Pseudoscience, front groups and smear campaigns against scientists questioning industrial agriculture are used to convince the public that chemical-ridden food is safe.


The organizations named above are non-profits, which means a certain amount of information about them can be uncovered by looking at the financial disclosures they file with the IRS, but industry fronts can take other forms. For example, the Web site TruthInFood.com is maintained by Food-Chain Communications, a marketing firm that clearly specializes in promoting industrial agriculture and processed foods. While a list of its clients are not easily obtained, its founder, Kevin Murphy, has connections with many large beef and dairy industry organizations, including the National Grocer's Association and the National Council of Chain Restaurants.

Then there's the American Farmers for the Advancement and Conservation of Technology (AFACT), a group founded solely to defend the use of recombinant bovine growth hormone (rbGH). When AFACT was founded, Monsanto owned rbGH (it has since been sold to Elanco, a subsidiary of Eli Lilly). Conveniently, a consultant to Monsanto helped organize AFACT and the marketing firm Osborn & Barr (which includes a former Monsanto executive among its founders) gave the group money. AFACT calls itself "grassroots," but it is about as grassroots as a smokers' rights group organized by a tobacco company.

These front groups serve as one piece in a much larger puzzle intended to influence government, the media, health professionals and consumers. Members of Congress and their staff wake up to Capitol Hill metro stations plastered with advertisements from industries wishing to influence them, receive invitations to fancy events and educational briefings, and meet with lobbyists who provide them with industry-funded research and whitepapers. One industry group might lobby the government to allow the use of a pesticide, for example, and then turn around and claim (directly or through a front group) that the pesticide is safe because the government allows it.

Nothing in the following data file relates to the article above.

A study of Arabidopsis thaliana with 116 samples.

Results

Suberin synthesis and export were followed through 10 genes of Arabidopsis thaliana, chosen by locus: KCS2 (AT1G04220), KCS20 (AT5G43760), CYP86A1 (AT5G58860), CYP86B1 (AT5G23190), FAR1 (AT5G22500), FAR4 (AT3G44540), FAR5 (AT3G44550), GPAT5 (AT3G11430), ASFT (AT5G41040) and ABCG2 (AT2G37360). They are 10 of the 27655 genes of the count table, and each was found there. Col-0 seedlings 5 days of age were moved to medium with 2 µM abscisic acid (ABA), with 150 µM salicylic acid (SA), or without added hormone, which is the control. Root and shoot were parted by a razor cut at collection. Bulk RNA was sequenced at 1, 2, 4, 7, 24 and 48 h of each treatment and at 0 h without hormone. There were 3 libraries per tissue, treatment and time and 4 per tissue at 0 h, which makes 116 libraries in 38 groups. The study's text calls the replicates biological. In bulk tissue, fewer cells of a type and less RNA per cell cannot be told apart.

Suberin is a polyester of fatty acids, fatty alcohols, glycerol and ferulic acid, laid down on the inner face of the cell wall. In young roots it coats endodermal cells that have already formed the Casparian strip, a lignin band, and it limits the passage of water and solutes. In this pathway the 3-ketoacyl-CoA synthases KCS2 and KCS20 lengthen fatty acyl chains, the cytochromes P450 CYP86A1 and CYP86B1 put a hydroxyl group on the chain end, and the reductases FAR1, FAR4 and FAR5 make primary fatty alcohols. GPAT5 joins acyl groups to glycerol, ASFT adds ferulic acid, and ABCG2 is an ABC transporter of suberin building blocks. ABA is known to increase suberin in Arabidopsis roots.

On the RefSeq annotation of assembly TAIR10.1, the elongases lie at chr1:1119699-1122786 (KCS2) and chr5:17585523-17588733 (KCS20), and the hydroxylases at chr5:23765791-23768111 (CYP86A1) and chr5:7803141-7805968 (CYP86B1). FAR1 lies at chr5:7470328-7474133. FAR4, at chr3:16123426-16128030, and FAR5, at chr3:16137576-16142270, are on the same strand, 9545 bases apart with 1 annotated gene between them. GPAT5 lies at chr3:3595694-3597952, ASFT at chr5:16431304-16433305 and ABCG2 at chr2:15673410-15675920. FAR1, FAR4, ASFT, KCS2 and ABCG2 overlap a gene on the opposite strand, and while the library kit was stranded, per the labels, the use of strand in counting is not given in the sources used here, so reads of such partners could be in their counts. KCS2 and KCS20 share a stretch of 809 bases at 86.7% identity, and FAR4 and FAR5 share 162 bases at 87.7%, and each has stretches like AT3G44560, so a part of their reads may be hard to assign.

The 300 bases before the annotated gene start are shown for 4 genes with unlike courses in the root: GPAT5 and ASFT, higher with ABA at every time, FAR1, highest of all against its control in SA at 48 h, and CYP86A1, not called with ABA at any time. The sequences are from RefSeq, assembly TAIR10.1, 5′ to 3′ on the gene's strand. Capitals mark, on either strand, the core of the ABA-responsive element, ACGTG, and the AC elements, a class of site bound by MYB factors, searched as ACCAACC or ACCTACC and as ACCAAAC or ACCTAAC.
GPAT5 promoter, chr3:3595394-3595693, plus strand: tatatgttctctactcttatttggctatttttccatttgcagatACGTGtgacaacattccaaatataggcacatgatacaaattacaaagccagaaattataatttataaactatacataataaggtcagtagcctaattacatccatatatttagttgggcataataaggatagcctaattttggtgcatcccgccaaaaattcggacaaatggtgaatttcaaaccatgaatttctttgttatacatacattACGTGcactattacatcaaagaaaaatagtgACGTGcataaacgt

Journalists, seeking to add "balance" or controversy to their stories, can always go to these organizations for quotes countering the statements of environmentalists, physicians and consumer advocates. And even when journalists -- or even universities -- are not seeking to feature the industry point of view, industry or its front groups are always there to insist they are given a chance to make their case. (In the case of universities, this often occurs when major donors threaten to withhold funding if certain speakers are invited to campus or professors teach courses on topics the donor finds inconvenient. And, unfortunately, the universities often side with the donors.)

With all of this misinformation, how can an average citizen discern between truth and propaganda? The most important thing to do is to consider the source of any message. One handy tool for this is Sourcewatch.org, a wiki maintained by the Center for Media and Democracy. Often, when a front group will not tell you which organizations or corporations are behind it, Sourcewatch* will. (Full disclosure: I am currently working with the Center for Media and Democracy, but I've used the site as my go-to on front groups for several years now.)